Let’s say you’re a first-time renter and you’re looking for an apartment. Maybe you’re just not getting approved, or you don’t have a stable enough income to cover the rent; what should you do then? Here’s a solution: get an apartment co-signer!
If you’re not familiar, don’t worry! We’re here to help you with this guide to tell you everything you need to know about renting an apartment with a co-signer, co-signing for a lease, and apartment co-signer requirements.
What’s a Co-signer?
An apartment co-signer is someone included on a lease agreement who is held responsible for paying the rent in full, if the tenant is unable to do so. They’re obligated to help you financially in terms of your rent instead of placing you in debt with your landlord. The co-signer can either be someone who lives in the residence or is a separate party, such as a parent or guardian.
Usually, tenants get apartment co-signers if their credit scores are too low to be approved, have no stable income, or are unemployed. With a co-signer, the tenant is showing the landlord that they have credible financial backing to pay for the property.
How does co-signing for a lease work?
Renting an apartment comes with qualifications, much like applying for a job. Normally, you’d need to have an income that’s enough to cover rental, food, and transportation expenses, plus an adequate credit score and history. If you’re a student who hasn’t built up credit, or you don’t have a good credit history, having a co-signer will help you get an apartment more easily. Once you find an apartment co-signer and the landlord approves, the lease will be signed with the co-signer’s name, and you now have an apartment!
Alternatively, suppose you’re co-signing for an apartment. In that case, you’d be responsible for paying the monthly rent, any property damage, repair costs, and other fees, should the tenant fail to pay these debts. Basically, the responsibility for the payment would fall to the co-signer and not paying will affect their credit score and history.
- How does a co-signer help someone actually get an apartment? When you ask a co-signer to sign onto an apartment lease, you’re lowering your risk as a bad credit borrower. This is because the co-signer promises to pay any rental payments if you’re unable to. Plus, a co-signer also helps you by attaching their good credit score and history to your lease.
- How does the process work when the rent is missed? If the person you co-signed for fails to pay, you’re legally obligated to make up for the missed payment. With your name on the lease, you face the consequences of failed payments or loan defaults.
Pros and Cons of having and being an Apartment Co-signer
Deciding on having or being an apartment co-signer isn’t a decision you can make overnight. Co-signing isn’t just a verbal agreement between everyone involved nor a mere vote of confidence in the borrower. For the tenant, having a co-signer is ensuring that you won’t break their trust on any financial payment of the property. And as a co-signer, you’re promising to settle should the tenant fail to pay.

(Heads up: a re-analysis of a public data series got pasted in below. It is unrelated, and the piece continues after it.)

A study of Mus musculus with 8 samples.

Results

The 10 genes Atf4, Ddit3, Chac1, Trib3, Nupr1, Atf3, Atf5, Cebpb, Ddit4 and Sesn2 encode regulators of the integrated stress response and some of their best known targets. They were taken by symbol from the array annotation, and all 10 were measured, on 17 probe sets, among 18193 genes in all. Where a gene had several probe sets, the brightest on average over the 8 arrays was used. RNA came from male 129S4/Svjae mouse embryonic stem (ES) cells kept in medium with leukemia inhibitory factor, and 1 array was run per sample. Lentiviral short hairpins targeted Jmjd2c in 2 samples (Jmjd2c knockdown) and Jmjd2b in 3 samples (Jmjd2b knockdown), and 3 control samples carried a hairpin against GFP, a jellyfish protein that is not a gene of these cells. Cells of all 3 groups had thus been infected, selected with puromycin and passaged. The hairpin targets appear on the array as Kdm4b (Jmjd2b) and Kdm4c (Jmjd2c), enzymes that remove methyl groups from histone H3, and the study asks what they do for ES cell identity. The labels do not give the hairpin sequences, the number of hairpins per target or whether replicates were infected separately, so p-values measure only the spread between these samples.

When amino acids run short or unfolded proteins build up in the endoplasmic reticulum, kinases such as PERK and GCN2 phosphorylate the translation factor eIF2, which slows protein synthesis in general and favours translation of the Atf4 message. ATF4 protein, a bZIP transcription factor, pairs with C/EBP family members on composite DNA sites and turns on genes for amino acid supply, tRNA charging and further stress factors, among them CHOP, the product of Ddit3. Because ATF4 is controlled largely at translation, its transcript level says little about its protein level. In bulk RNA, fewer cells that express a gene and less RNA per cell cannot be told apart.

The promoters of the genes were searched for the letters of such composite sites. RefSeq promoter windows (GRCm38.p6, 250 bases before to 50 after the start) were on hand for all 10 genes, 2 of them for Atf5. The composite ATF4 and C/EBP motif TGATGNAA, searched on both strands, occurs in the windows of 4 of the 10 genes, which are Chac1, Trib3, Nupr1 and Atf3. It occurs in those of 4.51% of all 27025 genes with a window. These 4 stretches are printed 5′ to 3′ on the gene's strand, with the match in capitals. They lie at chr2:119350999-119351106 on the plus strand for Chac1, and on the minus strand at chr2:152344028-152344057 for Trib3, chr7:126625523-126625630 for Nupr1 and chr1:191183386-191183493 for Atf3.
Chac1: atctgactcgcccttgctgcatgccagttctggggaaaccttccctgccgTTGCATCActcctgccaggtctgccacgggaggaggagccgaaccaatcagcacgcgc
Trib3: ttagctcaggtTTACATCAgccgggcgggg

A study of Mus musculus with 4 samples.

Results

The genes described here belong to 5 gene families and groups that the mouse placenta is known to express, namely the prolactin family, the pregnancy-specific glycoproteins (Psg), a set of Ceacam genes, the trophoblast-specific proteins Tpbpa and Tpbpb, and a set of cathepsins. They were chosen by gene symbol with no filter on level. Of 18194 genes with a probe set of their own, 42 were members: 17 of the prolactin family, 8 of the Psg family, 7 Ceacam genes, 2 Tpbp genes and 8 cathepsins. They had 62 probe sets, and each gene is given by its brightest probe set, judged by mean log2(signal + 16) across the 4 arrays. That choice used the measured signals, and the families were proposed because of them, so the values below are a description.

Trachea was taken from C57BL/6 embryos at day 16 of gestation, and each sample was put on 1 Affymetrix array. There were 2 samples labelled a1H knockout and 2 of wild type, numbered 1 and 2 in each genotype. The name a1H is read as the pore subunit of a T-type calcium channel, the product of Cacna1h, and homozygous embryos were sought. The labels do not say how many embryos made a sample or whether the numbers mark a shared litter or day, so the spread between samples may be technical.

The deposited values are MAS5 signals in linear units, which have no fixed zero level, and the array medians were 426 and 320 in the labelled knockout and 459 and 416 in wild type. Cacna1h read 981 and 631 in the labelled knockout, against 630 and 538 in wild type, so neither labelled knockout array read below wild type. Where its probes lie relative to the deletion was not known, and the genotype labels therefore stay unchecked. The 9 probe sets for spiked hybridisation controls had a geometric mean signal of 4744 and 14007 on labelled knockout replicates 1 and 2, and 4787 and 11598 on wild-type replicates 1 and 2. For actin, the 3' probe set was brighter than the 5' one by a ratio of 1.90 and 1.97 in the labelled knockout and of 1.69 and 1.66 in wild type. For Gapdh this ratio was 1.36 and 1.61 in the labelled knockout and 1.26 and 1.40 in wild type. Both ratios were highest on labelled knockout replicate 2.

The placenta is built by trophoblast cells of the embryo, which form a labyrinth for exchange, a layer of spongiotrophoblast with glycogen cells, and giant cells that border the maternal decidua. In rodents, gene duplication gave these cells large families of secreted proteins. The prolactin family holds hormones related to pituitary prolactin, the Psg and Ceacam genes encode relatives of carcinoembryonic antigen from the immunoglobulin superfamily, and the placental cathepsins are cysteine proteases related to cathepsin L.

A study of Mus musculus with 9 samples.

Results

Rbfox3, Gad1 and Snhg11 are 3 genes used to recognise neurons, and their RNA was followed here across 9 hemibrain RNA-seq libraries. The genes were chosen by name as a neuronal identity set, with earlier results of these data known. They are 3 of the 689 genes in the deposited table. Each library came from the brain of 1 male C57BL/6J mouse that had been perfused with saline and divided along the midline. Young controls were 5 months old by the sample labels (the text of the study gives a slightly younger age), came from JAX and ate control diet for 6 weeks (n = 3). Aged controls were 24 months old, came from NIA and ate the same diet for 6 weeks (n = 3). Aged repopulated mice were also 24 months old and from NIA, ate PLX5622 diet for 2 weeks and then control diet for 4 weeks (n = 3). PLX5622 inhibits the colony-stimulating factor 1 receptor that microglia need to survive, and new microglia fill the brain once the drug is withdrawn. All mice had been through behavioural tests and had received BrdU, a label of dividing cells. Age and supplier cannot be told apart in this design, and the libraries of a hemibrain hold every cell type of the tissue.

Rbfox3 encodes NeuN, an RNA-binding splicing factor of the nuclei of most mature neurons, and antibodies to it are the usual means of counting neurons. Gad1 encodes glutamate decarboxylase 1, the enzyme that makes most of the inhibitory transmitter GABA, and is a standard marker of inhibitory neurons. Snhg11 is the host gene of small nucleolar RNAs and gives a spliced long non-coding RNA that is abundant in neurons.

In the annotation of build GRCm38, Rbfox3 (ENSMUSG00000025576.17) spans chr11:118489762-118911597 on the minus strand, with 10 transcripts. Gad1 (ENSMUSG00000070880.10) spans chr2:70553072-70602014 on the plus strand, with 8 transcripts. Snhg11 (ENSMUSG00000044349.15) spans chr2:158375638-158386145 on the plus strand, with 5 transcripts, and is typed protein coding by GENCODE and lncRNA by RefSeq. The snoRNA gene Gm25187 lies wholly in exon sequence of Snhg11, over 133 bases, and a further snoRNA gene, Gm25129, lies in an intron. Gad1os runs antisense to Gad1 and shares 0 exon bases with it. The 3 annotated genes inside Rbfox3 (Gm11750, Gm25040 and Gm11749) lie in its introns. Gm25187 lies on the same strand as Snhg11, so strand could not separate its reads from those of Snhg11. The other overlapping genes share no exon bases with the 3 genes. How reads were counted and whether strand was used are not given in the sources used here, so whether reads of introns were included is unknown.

With that, here’s a short list of the pros and cons of co-signing.
- The process of renting an apartment is much smoother with a co-signer because of their good credit score and history.
- You’d be approved even as a first-time renter with a low credit score or an eviction history.
- Having a close friend or family member as an apartment co-signer may damage your relationship with them if you can’t pay.
- Your co-signer may take over your lease entirely.
For apartment co-signers:
- Co-signing for a friend or your child builds trust in your relationship. More so, it promotes independence and can help your child transition to adulthood.
- Being responsible for all of the rent for the apartment, if the tenant fails to pay, can be a huge financial burden.
- As an apartment co-signer, if the tenant gets evicted for any reason, your credit score may be negatively affected since your name is on the lease.
Who should I ask to be my Co-signer?
Co-signing for a lease is serious business. Most of the time, a close friend, relative, or parent is the usual pick since they’re the people who already know and trust you. But you have to remember that renting an apartment is costly, so there are many things to consider before co-signing an apartment.
Apartment Co-signer Requirements
As an apartment co-signer, almost everything boils down to money. Since you’re responsible for all financial matters regarding the property, landlords generally look at your income and credit score before giving their approval. However, there isn’t a definite criterion on who can be an apartment co-signer, so anyone who meets the landlord’s qualifications can be one. Requirements usually include:
- High credit score
- Good mortgage or rental history
- An established employment record
- Sufficient income
Co-signing for an apartment is a serious responsibility that shouldn’t be taken lightly. If you’re looking for an apartment co-signer, make sure they meet these criteria to be approved for an apartment quickly.
The bottom line is…
Having an apartment co-signer will be a massive help while looking for a place to stay. But, you can’t rely on your co-signer to pay for everything! Remember, they will only step in if you run into financial problems and fail to pay your dues. Nonetheless, if you stay responsible and diligent with your payments, your apartment co-signer will never have to interact with your landlord.
Now, if you want to start looking for apartments, use Roomi, an all-around room and roommate finder! With Roomi, you can easily find an apartment in just a few clicks. You can use the app’s wide variety of filters, secure in-app messaging, and more to find the most appropriate room for you. More than that, Roomi ensures the safety and privacy of users by conducting thorough verification and background checks!